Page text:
The concept of classifying heart failure (HF) according to LVEF is being increasingly challenged and new approaches to phenotyping HF are being sought.
As presented today by Doctor Kayode Kuku (National Heart Lung and Blood Institute - Bethesda, USA), a team of researchers from the US explored the possibility of precision phenotyping, studying the protein signatures of patients with HF to identify proteins associated with mortality.
Proteomic profiles were analysed from plasma specimens collected from 1,388 patients with HF from a community cohort (2003–2012) who were predominantly of European ancestry (92%). The relative concentrations of circulating plasma proteins were measured using an aptamer-based proteomic assay containing 7,335 human protein targets. Proteins significantly associated with mortality were selected, adjusting for age, sex and renal function. Clustering analysis was performed, and multivariable Cox regression was used on the clusters, adjusting for the Meta-Analysis Global Group in Chronic Heart Failure (MAGGIC) risk score.
Based on 1,158 deaths, a significant association was observed between mortality and the concentrations of 447 proteins – 354 proteins were positively associated and 93 were negatively associated. Using these proteins, two distinct clusters were identified. The hazard ratio for mortality between cluster 2 versus cluster 1 was 2.04 (95% CI 1.78 to 2.34; p<0.0001 independent of MAGGIC). Cluster 1 contained 722 patients with a mean (SD) age of 72 (14) years and 26% had NYHA class IV HF, while cluster 2 contained 666 patients with a mean age of 79 (11) years and 31% had NYHA class IV HF. In total, 41% of patients in both clusters had NYHA class III HF and mean LVEF was similar (cluster 1: 47% ; cluster 2: 48% ).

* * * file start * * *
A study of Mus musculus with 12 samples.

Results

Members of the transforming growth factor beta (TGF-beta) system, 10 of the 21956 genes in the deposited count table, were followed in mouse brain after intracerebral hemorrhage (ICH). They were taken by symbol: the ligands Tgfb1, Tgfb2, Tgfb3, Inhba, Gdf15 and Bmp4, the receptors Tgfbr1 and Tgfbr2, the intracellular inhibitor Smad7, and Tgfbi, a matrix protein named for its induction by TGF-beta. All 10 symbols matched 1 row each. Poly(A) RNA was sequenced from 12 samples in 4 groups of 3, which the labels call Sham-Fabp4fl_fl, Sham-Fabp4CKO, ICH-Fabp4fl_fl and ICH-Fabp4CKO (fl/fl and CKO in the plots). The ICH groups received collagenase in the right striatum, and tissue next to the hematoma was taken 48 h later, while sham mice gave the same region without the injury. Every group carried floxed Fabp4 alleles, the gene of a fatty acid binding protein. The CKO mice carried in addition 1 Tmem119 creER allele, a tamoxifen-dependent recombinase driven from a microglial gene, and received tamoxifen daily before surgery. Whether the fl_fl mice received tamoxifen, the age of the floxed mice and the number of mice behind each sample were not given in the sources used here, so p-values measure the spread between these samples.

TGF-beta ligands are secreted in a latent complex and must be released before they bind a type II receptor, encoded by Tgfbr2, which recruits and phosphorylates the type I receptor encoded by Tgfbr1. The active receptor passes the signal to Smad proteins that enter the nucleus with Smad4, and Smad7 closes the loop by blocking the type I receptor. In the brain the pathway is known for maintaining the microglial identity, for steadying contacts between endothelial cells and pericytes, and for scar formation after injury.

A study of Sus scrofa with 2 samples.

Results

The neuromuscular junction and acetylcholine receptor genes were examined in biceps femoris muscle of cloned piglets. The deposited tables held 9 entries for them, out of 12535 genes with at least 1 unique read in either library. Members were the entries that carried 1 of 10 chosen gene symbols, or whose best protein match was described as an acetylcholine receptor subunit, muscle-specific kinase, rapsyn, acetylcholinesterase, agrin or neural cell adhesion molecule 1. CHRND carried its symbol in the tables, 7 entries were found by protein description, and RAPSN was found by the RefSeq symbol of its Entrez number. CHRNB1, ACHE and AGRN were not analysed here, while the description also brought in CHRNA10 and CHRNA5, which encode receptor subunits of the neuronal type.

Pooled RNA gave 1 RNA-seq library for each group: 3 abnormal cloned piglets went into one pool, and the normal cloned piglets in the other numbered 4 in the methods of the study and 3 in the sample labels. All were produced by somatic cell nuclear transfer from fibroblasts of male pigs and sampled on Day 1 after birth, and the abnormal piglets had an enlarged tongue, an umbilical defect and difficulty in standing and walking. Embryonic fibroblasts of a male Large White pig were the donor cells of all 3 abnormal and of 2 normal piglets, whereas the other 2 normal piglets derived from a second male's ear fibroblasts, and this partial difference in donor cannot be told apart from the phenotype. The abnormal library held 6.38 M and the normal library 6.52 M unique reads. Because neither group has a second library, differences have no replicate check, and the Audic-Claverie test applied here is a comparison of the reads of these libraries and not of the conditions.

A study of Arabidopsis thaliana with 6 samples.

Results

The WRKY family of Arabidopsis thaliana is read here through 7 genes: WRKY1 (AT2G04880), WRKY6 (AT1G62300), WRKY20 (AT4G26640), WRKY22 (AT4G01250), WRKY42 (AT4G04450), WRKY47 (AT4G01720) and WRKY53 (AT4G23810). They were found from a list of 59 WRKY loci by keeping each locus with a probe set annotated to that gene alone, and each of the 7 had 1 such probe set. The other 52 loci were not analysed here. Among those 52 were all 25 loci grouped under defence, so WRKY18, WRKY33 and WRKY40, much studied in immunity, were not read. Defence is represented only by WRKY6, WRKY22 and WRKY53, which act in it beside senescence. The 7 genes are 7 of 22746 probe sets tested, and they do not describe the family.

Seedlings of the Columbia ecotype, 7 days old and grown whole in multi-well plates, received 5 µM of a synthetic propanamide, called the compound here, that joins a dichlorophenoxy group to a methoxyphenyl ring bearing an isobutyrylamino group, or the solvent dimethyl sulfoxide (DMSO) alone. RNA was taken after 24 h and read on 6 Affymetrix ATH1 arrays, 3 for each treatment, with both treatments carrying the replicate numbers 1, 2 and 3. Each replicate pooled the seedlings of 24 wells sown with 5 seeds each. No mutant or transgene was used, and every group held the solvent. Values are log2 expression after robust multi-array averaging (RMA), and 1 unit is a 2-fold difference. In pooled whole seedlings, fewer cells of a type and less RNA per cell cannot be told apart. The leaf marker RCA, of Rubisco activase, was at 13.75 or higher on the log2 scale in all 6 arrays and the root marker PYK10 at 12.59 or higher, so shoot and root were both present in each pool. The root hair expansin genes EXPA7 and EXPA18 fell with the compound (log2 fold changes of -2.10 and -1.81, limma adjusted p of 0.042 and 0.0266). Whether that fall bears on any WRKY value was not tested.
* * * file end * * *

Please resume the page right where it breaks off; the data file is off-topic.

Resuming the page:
Gene-set enrichment analysis of the 447 proteins revealed dominant biological domains related to cell adhesion, extracellular matrix organisation, enzyme-linked protein/tyrosine kinase signaling pathways, humoral immune response, tissue development, growth factor signaling, post-translational protein modification and platelet degranulation. Eighteen upstream regulators were identified that were predicted to be driving the expression of the 447 mortality-related proteins, including transforming growth factor-β1, interleukin-1β and oncostatin M.
Analyses such as these provide important mechanistic information that may help to guide individualisation of HF management strategies in the future. Further studies will examine the generalisability of these protein signatures of mortality in HF patients of non-European ancestry as well as in clinical trial participants.